Last August I spent a few weeks in Italy. “Christ Dittatrice, you’re always in Italy, do you never go on holiday anywhere else?” No, not really. But Italy’s lots of fun so it’s not a problem, really.
At one point I was in the north (Genova) and I was hanging out at the coast, getting what passes for a tan and splashing away in the sea. One afternoon I was just lounging about in the water, swimming away, when I overheard a couple of elderly ladies talk about some recipe.
“Really cara, all you need is un etto of almonds, un etto of sugar and one egg white.”
“It can’t possibly be that simple. No flour, nothing?”
“No, really, just that.”
I swam up to them. I can be pretty goddamn cheeky when it comes to recipes. “Excuse me for listening in, but what exactly is this a recipe for?” Both ladies burst out in cackles. “Amaretti, cara!”.
Amaretti, nice! Treading water, the lady repeated the whole recipe for me, including baking times and temperature. The situation wouldn’t have been so odd if it had been the first time this happened to me, but strangely, elderly Italian ladies giving me advice on sundry Italian dishes in the sea seemed to be a recurring theme of this particular holiday. But more about that some other day.
What the lady told me was that on a hundred grams of almonds, you need about 20 bitter almonds, one hundred grams of sugar, and one egg white.
Now here’s the tricky part: bitter almonds can contain cyanide, and cyanide’s pretty poisonous. I’ve not been able to find out for sure how many almonds it would take to kill you, but apparently it’s not entirely unthinkable that they would, in fact, harm you. Fortunately you don’t need many of them, as their flavour is very strong. Plus, this is rock ‘n’ roll! Living on the edge, but without the risks that other typical rock ‘n’ roll hobbies (such as inordinate amounts of bourbon, cocaine and unprotected sex with groupies) might involve.
However, what with the cyanide and all that, these bitter almonds are pretty difficult to come by. I got mine at a Chinese herb shop, that sells them for medicinal use. They were on the pricey side (a quid for 15 grams). The Latin name, in case you need it (for that’s the only name the Chinese herb shop had for it, apart from the Chinese name), is semen armeniacae amarum (which, for those of you who are interested, also tells us the origin of bitter almonds: the prunus armeniaca, or apricot! Yes, bitter almonds are in reality apricot seeds!).
However. If you can’t get bitter almonds, or if you just can’t really be bothered to look for them, or if cyanide just creeps you out, you could leave them out and instead add the zest of a quarter of a lemon. The only problem that remains then is the name: amaretti, from the word amaro, meaning bitter, are really ‘bitter wee things’ or ‘wee bitteries’. Without the bitter almonds, they won’t be, as instead they’ll be sweet and fresh sourish. But we can call them something else. Use your imagination. I’d say aspretti (because they’re sour wee things, get it?! Get it?! Oh never mind.) but you can probably come up with something a lot less lame yourself.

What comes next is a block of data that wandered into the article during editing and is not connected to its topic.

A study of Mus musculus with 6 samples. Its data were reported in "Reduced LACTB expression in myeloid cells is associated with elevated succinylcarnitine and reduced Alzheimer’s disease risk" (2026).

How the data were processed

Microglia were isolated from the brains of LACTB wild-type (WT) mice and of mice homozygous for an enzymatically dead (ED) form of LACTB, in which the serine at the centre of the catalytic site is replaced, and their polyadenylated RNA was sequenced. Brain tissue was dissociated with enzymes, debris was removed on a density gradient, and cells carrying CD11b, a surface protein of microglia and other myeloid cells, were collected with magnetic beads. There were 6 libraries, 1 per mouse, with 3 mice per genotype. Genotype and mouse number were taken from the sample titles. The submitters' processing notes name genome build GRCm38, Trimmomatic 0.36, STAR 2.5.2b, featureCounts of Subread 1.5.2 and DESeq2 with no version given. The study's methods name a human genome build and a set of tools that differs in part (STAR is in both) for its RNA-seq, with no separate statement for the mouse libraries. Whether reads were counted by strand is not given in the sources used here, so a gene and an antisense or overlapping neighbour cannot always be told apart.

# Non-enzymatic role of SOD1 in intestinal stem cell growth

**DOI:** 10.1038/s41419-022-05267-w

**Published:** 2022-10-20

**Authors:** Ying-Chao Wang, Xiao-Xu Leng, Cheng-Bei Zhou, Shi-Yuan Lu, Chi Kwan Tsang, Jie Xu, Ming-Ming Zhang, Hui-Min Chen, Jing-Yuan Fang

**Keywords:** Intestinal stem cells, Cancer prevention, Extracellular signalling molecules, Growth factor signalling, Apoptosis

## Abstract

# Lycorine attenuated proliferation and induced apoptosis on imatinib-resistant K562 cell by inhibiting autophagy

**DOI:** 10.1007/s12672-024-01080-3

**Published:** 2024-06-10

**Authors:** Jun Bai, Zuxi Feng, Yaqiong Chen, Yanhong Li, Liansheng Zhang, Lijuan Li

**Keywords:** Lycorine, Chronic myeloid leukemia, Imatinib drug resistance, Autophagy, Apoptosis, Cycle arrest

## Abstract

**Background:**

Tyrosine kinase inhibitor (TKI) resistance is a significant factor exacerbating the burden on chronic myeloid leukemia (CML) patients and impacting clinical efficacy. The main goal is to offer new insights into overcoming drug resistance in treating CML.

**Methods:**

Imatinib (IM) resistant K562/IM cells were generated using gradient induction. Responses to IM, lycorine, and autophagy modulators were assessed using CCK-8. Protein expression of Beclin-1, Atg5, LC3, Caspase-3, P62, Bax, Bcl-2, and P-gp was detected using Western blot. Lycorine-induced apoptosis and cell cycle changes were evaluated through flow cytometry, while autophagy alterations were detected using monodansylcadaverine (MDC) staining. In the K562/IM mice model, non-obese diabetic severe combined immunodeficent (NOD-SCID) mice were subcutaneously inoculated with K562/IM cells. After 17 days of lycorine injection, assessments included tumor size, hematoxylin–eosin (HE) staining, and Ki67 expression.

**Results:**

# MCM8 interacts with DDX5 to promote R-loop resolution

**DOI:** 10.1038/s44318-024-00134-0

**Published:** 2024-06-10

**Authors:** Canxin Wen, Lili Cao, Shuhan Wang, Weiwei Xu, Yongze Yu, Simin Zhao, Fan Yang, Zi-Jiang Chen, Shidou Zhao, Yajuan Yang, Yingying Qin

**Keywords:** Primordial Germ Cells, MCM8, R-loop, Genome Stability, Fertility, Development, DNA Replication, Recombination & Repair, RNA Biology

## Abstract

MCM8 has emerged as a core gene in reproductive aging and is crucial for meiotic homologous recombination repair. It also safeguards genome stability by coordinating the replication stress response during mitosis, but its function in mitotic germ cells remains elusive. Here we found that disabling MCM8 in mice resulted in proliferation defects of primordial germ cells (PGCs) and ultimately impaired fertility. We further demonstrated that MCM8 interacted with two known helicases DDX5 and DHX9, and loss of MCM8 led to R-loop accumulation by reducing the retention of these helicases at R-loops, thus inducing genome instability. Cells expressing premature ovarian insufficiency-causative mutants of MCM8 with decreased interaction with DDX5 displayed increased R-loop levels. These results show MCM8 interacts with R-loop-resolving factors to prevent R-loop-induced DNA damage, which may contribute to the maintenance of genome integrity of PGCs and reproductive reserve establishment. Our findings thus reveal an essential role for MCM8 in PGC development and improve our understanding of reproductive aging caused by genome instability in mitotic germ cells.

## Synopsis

So, for about 12 amaretti or aspretti, you shall need:
- 100 gr normal almonds
- 20 bitter almonds (equivalent to 5 grams) or zest of 1/4 lemon
- 100 gr sugar
- 1 egg white
If your almonds are whole almonds and they’re still in their skin, put them in boiling water for one minute. Drain them and peel them, this should now be easy. Just squeeze the almond on one size and the nut should burst out of its skin easily enough. Just be careful not to launch them behind the stove or under the washing machine. Do the same with your bitter almonds if you’ve bought them in their skins (mine were peeled already).
Take a moment to smell the bitter almonds. They’ve got a really strong almondy smell, unlike the normal ones, which don’t really smell of all that much.
Put the peeled almonds on a baking tray and stick them in the oven for about 5 minutes to make sure they’re all dry. Leave them to cool down, then put them in a food processor, along with the 20 bitter almonds. Grind them all up to a very fine substance (it won’t become powder, but it should definitely be very fine – keep going until you’ve got the right consistency, might take a while). Chuck in the sugar (and, if you’re not using bitter almonds, the lemon zest) and mix well.
Separate the egg and save the yolk to make this. Chuck the egg white in with the almonds and the sugar and stir it with a spoon until you get a homogeneous, but fairly hard mixture. Put a sheet of baking paper on an oven tray. Divide the almond mixture in 12 and using the spoon and your hands, shape little balls out of it. Place them on the tray, making sure you leave enough space between them as they will expand a little. Also, make sure you make them a bit taller and rounder than you want them to be in the end, as they’ll collapse a little whilst they’re baking.
Now, if you want your amaretti to be soft, roundish and chewy, stick them in a fairly hot oven (200°C) for about 10 minutes (or until the amaretti are golden yellowish). If you prefer them to be flat and a bit harder, go for half an hour at 170°C. Either way, when you take them out of the oven, leave them to settle for at least half an hour.